Jun. 22, 2011
On 16 June 2011, Meiji University and the Pacific Islands Centre (PIC) invited Prime Minister Henry Puna of the Cook Islands in the South Pacific to hold a special lecture at Liberty Hall on the Surugadai Campus.
This event materialized as a result of Prime Minister Puna’s visit to Japan to establish diplomatic relations between Japan and the Cook Islands after Japan gave state recognition to the Cook Islands on 25 March. The Cook Islands are the 193rd state to be recognized as an independent state by Japan. On the day of the lecture, Prime Minister Puna visited the university accompanied by Cook Island officials.
After having met with University President Hiromi Naya and other university officials, Prime Minister Puna gave a lecture entitled “Toward strengthening ties between the Cook Islands and Japan.” The audience, which included many students and university staff, deepened their understanding of environmental and other issues faced by the Cook Islands.
At the start of the lecture, Prime Minister Puna expressed his condolences to the victims of the Great East Japan Earthquake. He also expressed his affinity with the university saying, “As a lawyer myself, I feel close to Meiji University which was originally a law school. I emphasize with the university’s attitude of promoting global mutual understanding, expressed through actions such as actively inviting government officials from various countries to hold lectures.”
Professor Tetushige Nishio of the School of Law moderated the lecture and Prime Minister Puna introduced the geographical environment and historical background of the Cook Islands. He also introduced its major industries, such as tourism, financial services, pearl cultivation, and deep sea fishing. He stated that “Japan and the Cook Islands are both islands countries in the Pacific Ocean and the importance of marine resources and the marine environment is something we have in common. I believe in the development of the relationship between our two countries in order to ensure food security and to develop renewable energies.”
Prime Minister Puna sounded a warning call especially in regard to the response to global warming and expressed his motivation by saying, “If the sea level rises a few centimeters due to global warming, the Cook Islands may face devastating effects. Our government is in complete favor of renewable energies and we aim to shift 50% of domestic energy to renewable energies by 2015.” He also expressed his expectations for the introduction to the Cook Islands of technologies and knowledge from Japan.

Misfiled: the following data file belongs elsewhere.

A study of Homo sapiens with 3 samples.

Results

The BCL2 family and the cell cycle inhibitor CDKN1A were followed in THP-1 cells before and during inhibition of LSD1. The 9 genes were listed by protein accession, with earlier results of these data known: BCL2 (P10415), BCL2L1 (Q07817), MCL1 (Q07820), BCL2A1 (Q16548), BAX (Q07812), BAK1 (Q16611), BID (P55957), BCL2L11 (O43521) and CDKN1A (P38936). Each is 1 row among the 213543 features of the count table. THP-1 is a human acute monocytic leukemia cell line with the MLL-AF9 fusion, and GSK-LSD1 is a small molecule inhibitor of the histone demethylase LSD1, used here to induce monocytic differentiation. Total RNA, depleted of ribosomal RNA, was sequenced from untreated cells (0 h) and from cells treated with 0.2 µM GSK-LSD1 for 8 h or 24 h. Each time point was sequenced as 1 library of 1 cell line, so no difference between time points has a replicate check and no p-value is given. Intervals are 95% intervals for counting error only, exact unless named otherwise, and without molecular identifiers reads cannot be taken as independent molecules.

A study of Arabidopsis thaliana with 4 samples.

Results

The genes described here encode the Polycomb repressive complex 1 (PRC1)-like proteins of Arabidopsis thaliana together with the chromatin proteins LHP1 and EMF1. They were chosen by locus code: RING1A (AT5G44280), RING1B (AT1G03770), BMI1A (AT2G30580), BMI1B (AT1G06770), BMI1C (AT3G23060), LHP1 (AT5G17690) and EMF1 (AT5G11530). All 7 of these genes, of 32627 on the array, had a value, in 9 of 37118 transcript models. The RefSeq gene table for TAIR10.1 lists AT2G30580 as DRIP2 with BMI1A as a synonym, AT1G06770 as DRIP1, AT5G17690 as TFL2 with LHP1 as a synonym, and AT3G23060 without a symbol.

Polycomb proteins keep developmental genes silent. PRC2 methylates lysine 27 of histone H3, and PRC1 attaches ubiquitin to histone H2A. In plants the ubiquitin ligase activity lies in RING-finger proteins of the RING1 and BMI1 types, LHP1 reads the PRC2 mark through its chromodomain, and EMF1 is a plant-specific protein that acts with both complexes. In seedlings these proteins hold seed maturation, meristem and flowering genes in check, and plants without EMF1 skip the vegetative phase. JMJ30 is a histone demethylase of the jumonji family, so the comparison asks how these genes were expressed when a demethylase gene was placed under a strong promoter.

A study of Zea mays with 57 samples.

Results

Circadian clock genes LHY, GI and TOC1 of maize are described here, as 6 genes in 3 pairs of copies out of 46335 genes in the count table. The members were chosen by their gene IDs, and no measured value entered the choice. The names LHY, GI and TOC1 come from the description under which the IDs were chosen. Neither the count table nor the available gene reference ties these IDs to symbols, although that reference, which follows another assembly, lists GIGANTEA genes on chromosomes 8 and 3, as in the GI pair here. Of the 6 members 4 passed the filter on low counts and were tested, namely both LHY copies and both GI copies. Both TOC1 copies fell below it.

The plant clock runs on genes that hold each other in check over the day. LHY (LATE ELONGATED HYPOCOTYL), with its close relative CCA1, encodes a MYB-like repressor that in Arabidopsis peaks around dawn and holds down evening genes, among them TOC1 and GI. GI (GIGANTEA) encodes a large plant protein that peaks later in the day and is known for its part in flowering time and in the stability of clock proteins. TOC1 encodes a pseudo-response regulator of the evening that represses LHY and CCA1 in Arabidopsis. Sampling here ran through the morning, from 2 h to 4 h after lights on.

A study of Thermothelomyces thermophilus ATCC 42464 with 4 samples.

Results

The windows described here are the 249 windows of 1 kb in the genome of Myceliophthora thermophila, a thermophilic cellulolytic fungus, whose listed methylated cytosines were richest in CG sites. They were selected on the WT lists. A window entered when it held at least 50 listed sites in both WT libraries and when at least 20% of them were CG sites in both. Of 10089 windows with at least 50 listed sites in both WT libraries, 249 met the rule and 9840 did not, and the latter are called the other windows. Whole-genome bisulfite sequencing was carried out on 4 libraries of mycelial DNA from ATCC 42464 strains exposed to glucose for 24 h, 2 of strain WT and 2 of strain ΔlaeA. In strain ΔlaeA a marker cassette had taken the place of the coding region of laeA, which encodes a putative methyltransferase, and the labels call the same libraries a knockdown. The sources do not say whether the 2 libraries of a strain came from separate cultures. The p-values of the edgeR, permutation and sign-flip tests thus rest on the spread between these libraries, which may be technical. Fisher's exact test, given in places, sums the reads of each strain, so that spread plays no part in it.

One student attending the lecture stated “I am interested in Polynesia and Micronesia. It was very interesting to learn about the current situation in the Cook Islands, which is something you do not hear about every day” (male, third year student, School of Commerce). This and other such comments showed the students’ increased interest in the Cook Islands thanks to this lecture.
The Cook Islands are a tourism-oriented country comprising 15 islands situated about 3,000 km northeast of New Zealand, between Fiji and Tahiti. Its land area is about 237 square kilometers (about the size of Tokunoshima Island in Kagoshima prefecture). Rarotonga Island, where the capital of the Cook Islands, Avarua, is situated, is called the Pearl of the Pacific and boasts vast white sandy beaches. The Cook Islands is in free association with New Zealand and New Zealand retains responsibility for the Cook Islands on issues of defense, etc.
The Hon. Henry Puna was born on 29 July 1949 and is currently 61 years old. After serving as Chief Legal Advisor to the government of the Cook Islands as legal officer in the Office of the Legislative Service, he served as Secretary of Trade, Labour, and Transport, and Secretary of Tourism and Transport. Prime Minister Puna has also been involved in pearl cultivation for a long time. He was first elected to Parliament in 2005 and in November 2010 he became Prime Minister of the Cook Islands.
The Pacific Islands Centre (PIC)
The PIC is an international organization that seeks to promote trade, investment, and tourism between Japan and the members of the Pacific Islands Forum (13 countries and one region). Established in October 1996, the PIC currently has an administrative office on the Surugadai Campus of Meiji University (first floor of Shikon-kan).